As the bipartisan movement to improve our criminal justice system continues its push across the country—and presidential candidates discuss the best ways to lower incarceration rates—reforming probation and parole presents an opportunity that should top the list.
Reentry Media Clips
A collaborative effort of Beaver County United and Deliverance Temple Ministries ROOTS Inc., both based in Aliquippa, Pennsylvania, reintegrates former prisoners into society by providing help with housing, jobs, and drug and alcohol recovery, along with a duffel bag full of personal care items and informational resources.
Through HOPE for Prisoners, both High Desert State Prison and Florence McClure Women’s Correctional Center offer course work through the College of Southern Nevada. By the end of the program, inmates have six credits worth of CSN classes to apply toward a degree after their release.
Wisconsin is one of 13 states where more than one in three people in prison are there for a supervision violation, The Council of State Governments Justice Center found.
Pennsylvania’s Clean Slate law expands criminal record sealing to more types of offenses. Starting June 27, an automated computer process will begin wiping cases from public databases.
Megan Quattlebaum, director of The Council of State Governments Justice Center, said that “many states have made recidivism reduction a public safety priority, but the harsh reality is that supervision fails nearly as often as it succeeds.”
“Probation and parole are meant to help people avoid both crime and incarceration and live successful lives in their communities,” said Megan Quattlebaum, who directs the CSG Justice Center.
A groundbreaking report from The Council of State Governments Justice Center reveals nearly 1 in 4 people on any given day are incarcerated in state prison for violating probation or parole, costing states more than $9.3 billion a year.
With only months remaining on a 10-year sentence for drug trafficking, 38-year-old Justin Mack says he wants something big to come out of his time behind bars.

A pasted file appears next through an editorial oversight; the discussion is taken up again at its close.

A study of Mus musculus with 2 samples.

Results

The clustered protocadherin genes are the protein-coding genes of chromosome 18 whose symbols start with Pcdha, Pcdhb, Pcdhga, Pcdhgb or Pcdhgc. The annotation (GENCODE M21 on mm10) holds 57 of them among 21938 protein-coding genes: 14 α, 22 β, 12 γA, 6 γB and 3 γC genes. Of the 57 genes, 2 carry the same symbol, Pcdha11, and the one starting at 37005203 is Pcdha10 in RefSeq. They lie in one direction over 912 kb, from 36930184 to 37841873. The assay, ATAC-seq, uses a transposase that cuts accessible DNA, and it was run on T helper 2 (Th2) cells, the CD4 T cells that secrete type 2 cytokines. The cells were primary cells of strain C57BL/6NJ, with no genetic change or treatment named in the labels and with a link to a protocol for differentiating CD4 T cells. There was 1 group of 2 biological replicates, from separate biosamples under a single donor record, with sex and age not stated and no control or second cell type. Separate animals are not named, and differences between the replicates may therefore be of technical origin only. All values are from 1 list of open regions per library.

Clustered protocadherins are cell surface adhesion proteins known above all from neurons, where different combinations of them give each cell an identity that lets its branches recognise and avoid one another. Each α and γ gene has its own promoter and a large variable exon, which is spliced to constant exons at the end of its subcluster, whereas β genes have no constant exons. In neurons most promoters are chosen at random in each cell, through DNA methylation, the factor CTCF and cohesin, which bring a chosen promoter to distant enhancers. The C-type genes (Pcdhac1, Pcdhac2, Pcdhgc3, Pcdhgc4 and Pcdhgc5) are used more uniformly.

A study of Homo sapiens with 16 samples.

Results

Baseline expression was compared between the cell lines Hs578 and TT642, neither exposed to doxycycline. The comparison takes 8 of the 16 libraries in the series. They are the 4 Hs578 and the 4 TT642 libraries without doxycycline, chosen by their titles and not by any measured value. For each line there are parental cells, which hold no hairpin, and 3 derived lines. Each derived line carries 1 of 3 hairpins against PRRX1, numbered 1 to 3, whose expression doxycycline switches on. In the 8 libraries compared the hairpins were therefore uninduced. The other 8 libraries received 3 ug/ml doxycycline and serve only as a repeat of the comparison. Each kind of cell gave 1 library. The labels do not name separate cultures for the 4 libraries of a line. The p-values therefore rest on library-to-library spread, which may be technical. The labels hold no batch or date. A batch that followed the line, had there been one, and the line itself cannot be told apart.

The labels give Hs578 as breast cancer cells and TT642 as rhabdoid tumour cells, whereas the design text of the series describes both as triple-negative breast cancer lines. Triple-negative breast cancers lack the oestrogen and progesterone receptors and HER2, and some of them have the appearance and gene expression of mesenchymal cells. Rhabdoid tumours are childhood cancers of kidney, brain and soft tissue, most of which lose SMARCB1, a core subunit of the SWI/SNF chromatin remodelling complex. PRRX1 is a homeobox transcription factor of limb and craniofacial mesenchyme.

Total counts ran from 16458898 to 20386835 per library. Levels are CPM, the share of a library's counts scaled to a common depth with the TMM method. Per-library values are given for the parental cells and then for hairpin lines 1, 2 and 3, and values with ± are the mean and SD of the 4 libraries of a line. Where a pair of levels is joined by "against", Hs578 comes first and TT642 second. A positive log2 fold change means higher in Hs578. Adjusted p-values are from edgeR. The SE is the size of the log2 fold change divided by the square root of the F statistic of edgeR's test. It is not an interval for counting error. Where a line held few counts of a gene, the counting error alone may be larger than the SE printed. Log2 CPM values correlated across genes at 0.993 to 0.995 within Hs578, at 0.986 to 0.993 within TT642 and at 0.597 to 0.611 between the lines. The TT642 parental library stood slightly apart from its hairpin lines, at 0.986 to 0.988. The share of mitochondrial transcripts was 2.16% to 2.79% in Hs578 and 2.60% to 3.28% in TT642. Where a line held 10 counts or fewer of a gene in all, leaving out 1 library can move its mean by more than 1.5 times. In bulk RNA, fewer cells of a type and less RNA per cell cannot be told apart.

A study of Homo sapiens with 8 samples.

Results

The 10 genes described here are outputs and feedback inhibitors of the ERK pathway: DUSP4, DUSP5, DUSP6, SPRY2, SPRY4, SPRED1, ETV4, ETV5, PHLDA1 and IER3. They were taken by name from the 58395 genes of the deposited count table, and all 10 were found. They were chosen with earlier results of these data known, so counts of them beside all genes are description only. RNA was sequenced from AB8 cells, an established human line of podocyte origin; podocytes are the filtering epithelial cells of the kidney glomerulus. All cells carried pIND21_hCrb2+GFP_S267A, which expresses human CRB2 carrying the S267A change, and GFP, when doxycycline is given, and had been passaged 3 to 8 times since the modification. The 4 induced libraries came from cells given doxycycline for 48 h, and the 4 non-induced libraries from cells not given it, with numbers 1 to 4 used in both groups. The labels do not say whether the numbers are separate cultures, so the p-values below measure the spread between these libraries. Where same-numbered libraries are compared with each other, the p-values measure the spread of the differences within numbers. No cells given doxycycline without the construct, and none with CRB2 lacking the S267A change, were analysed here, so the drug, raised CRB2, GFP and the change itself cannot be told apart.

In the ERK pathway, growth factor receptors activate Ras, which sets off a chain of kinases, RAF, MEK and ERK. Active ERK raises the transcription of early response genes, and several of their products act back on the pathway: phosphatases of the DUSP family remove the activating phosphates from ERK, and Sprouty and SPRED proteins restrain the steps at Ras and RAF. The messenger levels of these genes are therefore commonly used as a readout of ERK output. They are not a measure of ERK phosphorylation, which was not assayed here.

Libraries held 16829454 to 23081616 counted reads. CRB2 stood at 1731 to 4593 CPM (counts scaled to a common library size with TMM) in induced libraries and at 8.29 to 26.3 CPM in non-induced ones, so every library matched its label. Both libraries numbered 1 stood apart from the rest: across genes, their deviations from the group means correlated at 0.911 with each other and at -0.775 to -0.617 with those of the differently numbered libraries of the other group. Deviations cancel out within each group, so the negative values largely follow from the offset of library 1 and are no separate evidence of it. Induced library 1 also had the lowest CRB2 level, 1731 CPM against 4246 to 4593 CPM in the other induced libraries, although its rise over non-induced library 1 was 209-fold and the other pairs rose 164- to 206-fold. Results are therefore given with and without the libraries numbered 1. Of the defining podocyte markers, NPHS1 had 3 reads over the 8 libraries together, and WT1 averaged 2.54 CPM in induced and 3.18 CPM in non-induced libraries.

A five-year study by the Center for Behavioral Health and Justice at Wayne State University’s School of Social Work found that diverting individuals with mental health disorders into treatment programs rather than simply jailing them significantly reduces the jail population and reduces the chances of recidivism.
You just go into the bakery and put your name and contact information on a list. When a job comes open and your name is next, you start work as a paid apprentice.
For many years, New Jersey’s expungement law has been an important source of relief for those who have “paid their debt” to society, distanced themselves from past involvement in the criminal justice system and demonstrated their rehabilitation.
The bills would reform prison education and encourage colleges and universities to keep criminal records out of the admissions process.
Home to Stay is essentially a resource fair with a plethora of reentry services available on the spot to help people in housing, healthcare, driver’s license recovery, expungement, legal issues, child support, restorative justice support, literacy GED programs and employment opportunities.
This focus on an incarcerated person’s overall well-being represents a shift in how reentry programs are modeled, Carrie Pettus-Davis, an associate professor at Florida State University says. It’s based on helping them develop healthy thinking patterns, effective coping strategies, meaningful work trajectories, positive social engagement, and favorable interpersonal relationships.
My story, and others celebrated during April, provide support for a wholesale rethinking of America’s approach to extreme prison sentences. Incarceration must be based on acceptance of responsibility and taking steps to improve your life, not simply to punish.
Erroneous or outdated criminal charges that linger on a person’s record for years—also known as “sticky warrants”—can result either from prosecutors and probation departments refusing to drop minor cases from the distant past, or from outright clerical errors.
The Administrative Office of the Courts identifies eligible cases and notifies the Department of Public Safety to expunge records. The office estimates about 30,000 cases will be eligible each year.
The Just Housing amendment “will provide greater family stability for more than 3,300 people who return to communities in my district each year from prison,” said Commissioner Brandon Johnson, the amendment’s chief sponsor.
Whether working inside a correctional facility or coordinating a transition for an individual on release, understanding the basics around benefits is the first step to ensuring continuity of care for individuals with a serious mental illness or medical impairment.